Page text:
Climate change is one of the greatest challenges facing humanity. Among the risks we face are new threats to health. These emerging health risks call for new science that identifies the complex relationship between climate variability and health outcomes, as well as a new workforce of professionals who can translate that science into action.
The Climate and Health Program fosters innovative, cross-disciplinary scholarship on the human health dimensions of climate change. Our goal is to advance society’s capacity to understand, anticipate, and prevent adverse health consequences related to climate change.
The Climate and Health Program coordinates graduate training in climate and health at both the doctoral and masters levels at the Mailman School of Public Health.
Masters Certificate in Climate and Health (MPH)
The Climate and Health certificate, launched for applicants to the Fall 2012 entering class, is designed for master’s students who want to specialize in addressing climate-related health issues, translating climate and health science into action, and designing public health interventions.
This program will provide a new generation of interdisciplinary researchers and practitioners with the tools to understand, anticipate, and prevent adverse health consequences from climate variability and change.
Graduates will find a range of career options at state and city health departments, the U.S. Environmental Protection Agency, the Centers for Disease Control, consulting firms, NGOs, and corporations.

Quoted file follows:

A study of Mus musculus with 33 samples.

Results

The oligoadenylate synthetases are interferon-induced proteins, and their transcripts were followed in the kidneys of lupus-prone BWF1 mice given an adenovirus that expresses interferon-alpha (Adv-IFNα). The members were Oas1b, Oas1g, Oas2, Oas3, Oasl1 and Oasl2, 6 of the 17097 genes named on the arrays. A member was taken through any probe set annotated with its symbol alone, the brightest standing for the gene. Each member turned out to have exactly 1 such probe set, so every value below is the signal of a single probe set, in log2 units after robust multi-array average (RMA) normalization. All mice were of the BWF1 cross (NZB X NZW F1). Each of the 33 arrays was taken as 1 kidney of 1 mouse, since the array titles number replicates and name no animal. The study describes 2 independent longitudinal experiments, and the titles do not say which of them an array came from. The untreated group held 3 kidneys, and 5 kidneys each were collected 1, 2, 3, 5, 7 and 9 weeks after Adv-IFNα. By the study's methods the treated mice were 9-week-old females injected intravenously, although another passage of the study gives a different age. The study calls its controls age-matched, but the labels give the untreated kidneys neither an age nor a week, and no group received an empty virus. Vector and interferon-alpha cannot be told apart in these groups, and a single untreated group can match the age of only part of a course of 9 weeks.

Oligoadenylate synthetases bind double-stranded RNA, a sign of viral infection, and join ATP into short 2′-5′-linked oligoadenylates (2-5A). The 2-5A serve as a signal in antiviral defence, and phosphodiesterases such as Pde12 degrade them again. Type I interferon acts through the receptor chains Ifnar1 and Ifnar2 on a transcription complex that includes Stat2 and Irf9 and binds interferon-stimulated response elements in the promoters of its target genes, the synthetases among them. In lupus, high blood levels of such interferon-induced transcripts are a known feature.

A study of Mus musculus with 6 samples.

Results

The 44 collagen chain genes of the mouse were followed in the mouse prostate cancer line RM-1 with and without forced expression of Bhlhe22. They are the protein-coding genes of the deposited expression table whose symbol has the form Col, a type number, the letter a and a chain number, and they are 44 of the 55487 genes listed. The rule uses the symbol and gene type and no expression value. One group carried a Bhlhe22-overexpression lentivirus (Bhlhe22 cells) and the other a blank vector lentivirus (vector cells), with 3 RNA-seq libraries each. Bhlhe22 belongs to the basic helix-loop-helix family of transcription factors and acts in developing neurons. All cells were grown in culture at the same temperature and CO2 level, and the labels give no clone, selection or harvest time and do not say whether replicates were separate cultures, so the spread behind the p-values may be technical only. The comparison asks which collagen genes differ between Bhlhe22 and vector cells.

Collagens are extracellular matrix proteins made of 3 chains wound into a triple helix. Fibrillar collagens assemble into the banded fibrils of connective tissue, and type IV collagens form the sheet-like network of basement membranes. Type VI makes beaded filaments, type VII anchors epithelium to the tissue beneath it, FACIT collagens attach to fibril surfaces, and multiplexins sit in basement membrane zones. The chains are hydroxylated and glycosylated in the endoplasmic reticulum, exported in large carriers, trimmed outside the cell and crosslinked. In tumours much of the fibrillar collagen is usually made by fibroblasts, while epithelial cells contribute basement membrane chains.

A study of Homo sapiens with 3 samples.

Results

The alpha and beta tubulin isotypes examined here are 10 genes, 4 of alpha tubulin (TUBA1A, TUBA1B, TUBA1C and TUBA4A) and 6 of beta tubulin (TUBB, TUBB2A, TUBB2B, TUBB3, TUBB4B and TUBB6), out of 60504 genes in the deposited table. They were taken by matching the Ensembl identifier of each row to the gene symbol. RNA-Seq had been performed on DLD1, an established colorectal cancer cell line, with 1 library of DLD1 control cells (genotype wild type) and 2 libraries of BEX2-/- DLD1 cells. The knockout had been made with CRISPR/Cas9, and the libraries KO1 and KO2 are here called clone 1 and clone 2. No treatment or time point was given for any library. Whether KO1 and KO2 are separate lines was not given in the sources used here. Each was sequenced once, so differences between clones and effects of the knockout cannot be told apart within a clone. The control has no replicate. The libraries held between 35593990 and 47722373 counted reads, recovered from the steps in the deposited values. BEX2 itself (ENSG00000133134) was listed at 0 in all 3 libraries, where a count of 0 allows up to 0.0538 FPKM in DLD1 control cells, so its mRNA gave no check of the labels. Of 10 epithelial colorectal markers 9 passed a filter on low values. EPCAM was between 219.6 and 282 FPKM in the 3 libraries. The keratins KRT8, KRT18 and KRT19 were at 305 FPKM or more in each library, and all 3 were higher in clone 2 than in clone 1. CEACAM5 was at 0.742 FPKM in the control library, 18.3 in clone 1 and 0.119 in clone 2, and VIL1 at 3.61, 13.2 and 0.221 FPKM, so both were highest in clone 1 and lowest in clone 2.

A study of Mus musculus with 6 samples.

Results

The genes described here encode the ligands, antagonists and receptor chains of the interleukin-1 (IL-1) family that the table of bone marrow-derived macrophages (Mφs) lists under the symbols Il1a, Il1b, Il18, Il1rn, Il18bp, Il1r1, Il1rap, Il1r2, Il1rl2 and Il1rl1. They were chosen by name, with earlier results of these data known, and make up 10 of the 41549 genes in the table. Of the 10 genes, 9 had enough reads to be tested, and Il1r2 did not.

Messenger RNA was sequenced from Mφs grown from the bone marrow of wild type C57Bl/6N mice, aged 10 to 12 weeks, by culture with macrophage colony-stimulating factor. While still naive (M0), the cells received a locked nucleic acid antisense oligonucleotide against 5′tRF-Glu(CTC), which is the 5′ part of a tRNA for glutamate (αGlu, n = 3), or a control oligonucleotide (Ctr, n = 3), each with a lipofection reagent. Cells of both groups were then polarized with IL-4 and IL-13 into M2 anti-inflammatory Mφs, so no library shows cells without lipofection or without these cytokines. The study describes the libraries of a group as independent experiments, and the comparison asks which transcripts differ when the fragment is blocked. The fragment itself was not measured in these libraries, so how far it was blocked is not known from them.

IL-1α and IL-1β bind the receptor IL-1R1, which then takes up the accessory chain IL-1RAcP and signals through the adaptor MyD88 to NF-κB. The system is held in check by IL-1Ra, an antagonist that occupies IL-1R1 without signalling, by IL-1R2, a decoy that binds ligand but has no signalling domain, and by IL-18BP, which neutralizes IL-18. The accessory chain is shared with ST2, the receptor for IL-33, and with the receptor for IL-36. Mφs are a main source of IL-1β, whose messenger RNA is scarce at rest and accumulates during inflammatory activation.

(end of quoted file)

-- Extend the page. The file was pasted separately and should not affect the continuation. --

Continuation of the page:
A certificate is selected when you apply to the school or your may apply midway through your first semester. This certificate program is open to students throughout the Mailman School, and is most compatible with students in the Environmental Health Sciences, Epidemiology, Population and Family, and Health Policy and Management Departments. Admission requirements include 1 semester of calculus and 1 year of biology, chemistry, or physics.
Courses drawn from departments across the School will examine the diverse ways that climate affects human health – from epidemiology to toxicology – and explore the complex interactions among environmental exposures, vulnerability factors, and health systems.
PhD in Climate and Health
The academic program builds upon diverse theoretical and methodological frameworks to provide students with the competencies necessary to understand and respond to the complex linkages between climate and human health.
Students in the PhD program train for professional careers where they will conduct advanced research, teach, and/or hold leadership positions in the private and public sector. Doctoral training is customized to the needs and interests of individual students in consultation with program faculty. Students work closely with faculty mentors to carry out advanced research to better understand mechanisms by which climate change impacts human health.
Full funding is available for all PhD candidates. In addition to research, teaching is considered an important aspect of the training of doctoral students. Thus, all PhD candidates serve as Teaching Fellows; as such they collaborate annually with a faculty member on a course taught to Master’s of Public Health students. Candidates obtain research experience by fulfilling up to three rotations with members of the training faculty.